You do need a second weapon to employ two-weapon fighting, but the attacks do not need to be made with alternating hands. The second attack must be made with the off-hand, but the first attack can be made with either hand, subject to appropriate penalties. When you attack twice with your off hand rather than employing your primary hand, be aware that you incur the two weapon fighting off-hand penalty on attack rolls on only the second attack, yet incur the off-hand penalty to damage on both attacks. This is probably because the rules very much don't expect you to do that. You do take a -4 penalty to hit to the first attack for using your off hand, like normal, though.
Since you must wield two weapons (or have something special that bypasses that requirement, like a double weapon) to make use of two-weapon fighting, and the off-hand weapon must be the one to make the extra attack, passing a weapon between hands isn't a very viable option. It does work for thrown weapons that can return to a different hand, though, as a special case, though you need to use at least two attacks before you can benefit from Two-Weapon Fighting on any given round in that case.
Basically, if you play strictly by the rules as written, you can do your melee two-weapon fighting at -4/-10 without the feat or light weapons, or -4/-8 with just a light weapon, or -4/-4 with just the feat, or -4/-2 with the feat and a light weapon, with the bonus of using your off-hand weapon twice rather than two separate weapons once each.
(Note that the action cost of passing weapons is weird and controversial. The rules don't actually say anything about it, but Rules Comprendium lists it as a move action, while an earlier Rules of the Game article says switching from one to two hands and vice versa are free actions, which would make passing possible as a free action as well. Pathfinder codifies the Rules of the Game version into its actual rules, while the Rules Comprendium, while not an authoritative source, is probably more authoritative than a Rules of the Game article for 3.5, in general. This doesn't matter because passing weapons doesn't work unless you are throwing weapons, in which case it only works if you get the weapon back and if you get it back the whole passing weapons thing is overriden by the rules for your method of retrieval, but it is a problem should you find an edge case where it'd come up)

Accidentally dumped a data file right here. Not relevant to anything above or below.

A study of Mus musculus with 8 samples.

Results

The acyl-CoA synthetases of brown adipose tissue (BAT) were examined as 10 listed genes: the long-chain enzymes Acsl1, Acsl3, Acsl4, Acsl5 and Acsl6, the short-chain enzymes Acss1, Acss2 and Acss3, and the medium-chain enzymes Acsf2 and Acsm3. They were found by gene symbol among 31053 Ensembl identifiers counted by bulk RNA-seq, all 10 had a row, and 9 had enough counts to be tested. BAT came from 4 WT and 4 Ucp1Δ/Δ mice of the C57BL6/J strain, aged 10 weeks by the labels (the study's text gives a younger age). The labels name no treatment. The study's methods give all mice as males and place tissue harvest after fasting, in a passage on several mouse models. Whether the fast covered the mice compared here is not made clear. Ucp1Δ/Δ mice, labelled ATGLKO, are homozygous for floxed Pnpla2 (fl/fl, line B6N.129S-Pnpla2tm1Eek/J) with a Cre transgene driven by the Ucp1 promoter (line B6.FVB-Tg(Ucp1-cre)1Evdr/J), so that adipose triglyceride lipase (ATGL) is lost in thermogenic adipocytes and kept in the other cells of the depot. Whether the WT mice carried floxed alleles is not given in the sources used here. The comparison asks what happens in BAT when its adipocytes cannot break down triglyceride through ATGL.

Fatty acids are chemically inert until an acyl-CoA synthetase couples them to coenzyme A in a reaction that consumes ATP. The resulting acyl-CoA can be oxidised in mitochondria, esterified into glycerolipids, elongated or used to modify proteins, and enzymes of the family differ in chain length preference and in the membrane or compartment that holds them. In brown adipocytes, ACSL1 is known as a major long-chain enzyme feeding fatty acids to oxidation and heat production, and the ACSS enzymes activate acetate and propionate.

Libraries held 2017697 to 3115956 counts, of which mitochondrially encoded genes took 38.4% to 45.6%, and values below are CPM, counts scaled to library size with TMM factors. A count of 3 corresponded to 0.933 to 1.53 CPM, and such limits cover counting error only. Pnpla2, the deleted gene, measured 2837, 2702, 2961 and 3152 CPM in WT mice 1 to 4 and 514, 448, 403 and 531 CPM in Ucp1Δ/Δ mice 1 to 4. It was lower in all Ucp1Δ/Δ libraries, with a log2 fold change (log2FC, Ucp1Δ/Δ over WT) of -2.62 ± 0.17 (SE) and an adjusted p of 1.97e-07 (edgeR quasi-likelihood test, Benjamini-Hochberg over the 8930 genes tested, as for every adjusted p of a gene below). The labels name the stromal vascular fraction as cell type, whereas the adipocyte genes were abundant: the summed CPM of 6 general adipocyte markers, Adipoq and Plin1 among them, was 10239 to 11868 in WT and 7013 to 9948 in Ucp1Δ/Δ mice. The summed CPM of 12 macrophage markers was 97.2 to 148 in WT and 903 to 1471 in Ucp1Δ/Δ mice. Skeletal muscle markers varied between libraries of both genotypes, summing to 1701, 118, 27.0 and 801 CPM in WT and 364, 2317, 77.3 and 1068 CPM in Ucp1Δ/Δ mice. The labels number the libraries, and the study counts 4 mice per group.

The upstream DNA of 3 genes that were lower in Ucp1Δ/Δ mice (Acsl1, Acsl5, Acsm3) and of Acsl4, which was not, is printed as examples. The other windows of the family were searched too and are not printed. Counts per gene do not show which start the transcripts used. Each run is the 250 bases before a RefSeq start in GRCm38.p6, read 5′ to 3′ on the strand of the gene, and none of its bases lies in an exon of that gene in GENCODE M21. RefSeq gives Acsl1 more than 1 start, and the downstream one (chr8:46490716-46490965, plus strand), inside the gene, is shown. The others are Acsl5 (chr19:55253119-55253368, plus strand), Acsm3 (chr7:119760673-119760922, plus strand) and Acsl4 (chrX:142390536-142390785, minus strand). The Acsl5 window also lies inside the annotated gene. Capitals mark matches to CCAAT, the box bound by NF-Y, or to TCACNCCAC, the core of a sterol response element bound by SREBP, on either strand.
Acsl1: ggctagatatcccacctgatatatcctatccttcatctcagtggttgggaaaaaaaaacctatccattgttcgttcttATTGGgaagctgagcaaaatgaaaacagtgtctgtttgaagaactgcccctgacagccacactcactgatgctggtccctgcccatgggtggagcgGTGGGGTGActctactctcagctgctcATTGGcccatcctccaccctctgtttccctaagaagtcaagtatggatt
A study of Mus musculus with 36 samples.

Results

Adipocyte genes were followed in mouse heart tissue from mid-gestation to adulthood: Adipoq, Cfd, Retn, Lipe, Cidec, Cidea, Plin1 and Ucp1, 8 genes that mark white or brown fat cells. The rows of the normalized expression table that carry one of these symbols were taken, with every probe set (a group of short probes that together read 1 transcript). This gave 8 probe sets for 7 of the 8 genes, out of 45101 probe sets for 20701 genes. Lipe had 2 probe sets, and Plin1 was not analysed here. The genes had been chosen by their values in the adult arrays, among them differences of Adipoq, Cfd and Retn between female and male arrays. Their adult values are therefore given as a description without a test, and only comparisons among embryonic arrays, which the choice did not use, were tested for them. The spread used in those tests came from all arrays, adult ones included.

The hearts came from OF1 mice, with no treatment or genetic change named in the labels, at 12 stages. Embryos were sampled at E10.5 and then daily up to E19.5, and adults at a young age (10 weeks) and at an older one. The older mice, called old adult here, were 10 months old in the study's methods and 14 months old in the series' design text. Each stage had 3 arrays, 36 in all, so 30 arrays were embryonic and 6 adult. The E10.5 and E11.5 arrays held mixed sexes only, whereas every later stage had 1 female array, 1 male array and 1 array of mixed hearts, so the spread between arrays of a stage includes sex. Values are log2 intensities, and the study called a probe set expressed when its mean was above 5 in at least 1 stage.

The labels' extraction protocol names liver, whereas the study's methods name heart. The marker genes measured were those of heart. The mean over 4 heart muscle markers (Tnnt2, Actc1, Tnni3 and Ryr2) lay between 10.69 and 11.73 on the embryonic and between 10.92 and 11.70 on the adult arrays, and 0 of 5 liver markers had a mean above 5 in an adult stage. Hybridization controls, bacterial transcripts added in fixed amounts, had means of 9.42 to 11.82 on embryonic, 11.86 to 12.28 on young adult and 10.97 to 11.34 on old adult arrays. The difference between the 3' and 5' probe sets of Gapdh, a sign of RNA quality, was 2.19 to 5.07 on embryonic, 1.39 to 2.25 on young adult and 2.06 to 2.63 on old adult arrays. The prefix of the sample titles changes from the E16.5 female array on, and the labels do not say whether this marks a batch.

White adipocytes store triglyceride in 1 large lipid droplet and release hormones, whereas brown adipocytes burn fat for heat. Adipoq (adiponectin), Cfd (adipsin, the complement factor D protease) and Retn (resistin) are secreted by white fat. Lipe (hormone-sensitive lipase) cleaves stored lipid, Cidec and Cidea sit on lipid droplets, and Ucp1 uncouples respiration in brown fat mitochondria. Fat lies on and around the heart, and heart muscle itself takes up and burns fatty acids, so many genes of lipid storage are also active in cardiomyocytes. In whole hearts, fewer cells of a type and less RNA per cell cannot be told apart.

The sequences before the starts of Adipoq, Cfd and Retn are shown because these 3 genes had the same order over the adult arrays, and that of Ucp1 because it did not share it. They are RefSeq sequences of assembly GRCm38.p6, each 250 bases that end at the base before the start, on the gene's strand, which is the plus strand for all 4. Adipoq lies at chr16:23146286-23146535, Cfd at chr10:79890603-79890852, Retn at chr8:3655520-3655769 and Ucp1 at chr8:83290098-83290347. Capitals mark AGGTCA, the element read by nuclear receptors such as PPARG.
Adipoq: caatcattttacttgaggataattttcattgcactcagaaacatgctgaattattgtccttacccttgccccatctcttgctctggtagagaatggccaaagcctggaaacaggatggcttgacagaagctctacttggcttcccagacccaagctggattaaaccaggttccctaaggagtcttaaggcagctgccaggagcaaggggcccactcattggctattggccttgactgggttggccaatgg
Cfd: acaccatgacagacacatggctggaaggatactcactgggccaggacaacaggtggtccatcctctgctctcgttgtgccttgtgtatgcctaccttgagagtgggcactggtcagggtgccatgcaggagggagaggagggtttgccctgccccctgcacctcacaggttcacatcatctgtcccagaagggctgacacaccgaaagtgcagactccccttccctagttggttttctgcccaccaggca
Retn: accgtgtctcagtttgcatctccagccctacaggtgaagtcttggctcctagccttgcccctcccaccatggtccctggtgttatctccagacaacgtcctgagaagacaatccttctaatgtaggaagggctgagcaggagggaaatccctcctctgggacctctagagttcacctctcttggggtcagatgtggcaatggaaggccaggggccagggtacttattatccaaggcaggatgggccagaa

Making an attack is a standard action.
With a normal melee weapon, you can strike any opponent within 5 feet. (Opponents within 5 feet are considered adjacent to you.) Some melee weapons have reach, as indicated in their descriptions. With a typical reach weapon, you can strike opponents 10 feet away, but you can’t strike adjacent foes (those within 5 feet).
These rules, from the actions in combat section, are included to illustrate that regular attacks need not be made with one's dominant hand. None of them mention handedness, and they clearly allow you to attack with normal melee weapons you wield.
Normal: If you wield a second weapon in your off hand, you can get one extra attack per round with that weapon. When fighting in this way you suffer a –6 penalty with your regular attack or attacks with your primary hand and a –10 penalty to the attack with your off hand. If your off-hand weapon is light the penalties are reduced by 2 each. (An unarmed strike is always considered light.)
This section, from the Two-Weapon Fighting feat, makes it clear that the restrictions are all on the second attack, which must be made with a second weapon wielded in one's off hand. The same section is repeated nearly identically in the actual two-weapon fighting rules:
If you wield a second weapon in your off hand, you can get one extra attack per round with that weapon. You suffer a –6 penalty with your regular attack or attacks with your primary hand and a –10 penalty to the attack with your off hand when you fight this way.
This goes on to clarify that the same is true for double weapons:
You can use a double weapon to make an extra attack with the off-hand end of the weapon as if you were fighting with two weapons.
But not for thrown weapons:
The same rules apply when you throw a weapon from each hand.
Thrown weapons require you to actually throw a weapon from each hand, instead of wielding them, which generally requires you to have at least two attacks before getting the bonus from Two-Weapon Fighting, and to make at least one of them with your primary hand and another with each off hand. If you only have one hand you just need the one attack (since that then fulfills the 'each hand' requirement), but there is only one race with exactly one arm that I'm aware of. A ravid with Quick Draw or a returning weapon could potentailly make use of two-weapon fighting with its only hand, but that's about it.
Lastly, on page 311 of the 3.5 Player's Handbook, under the entry for 'off-hand', it states:
A character's weaker or less dexterous hand (usually the left). An attack made with the off hand incurs a -4 penalty on the attack roll. In addition, only one-half of a character's Strength bonus may be added to damage dealt with a weapon held in the off hand.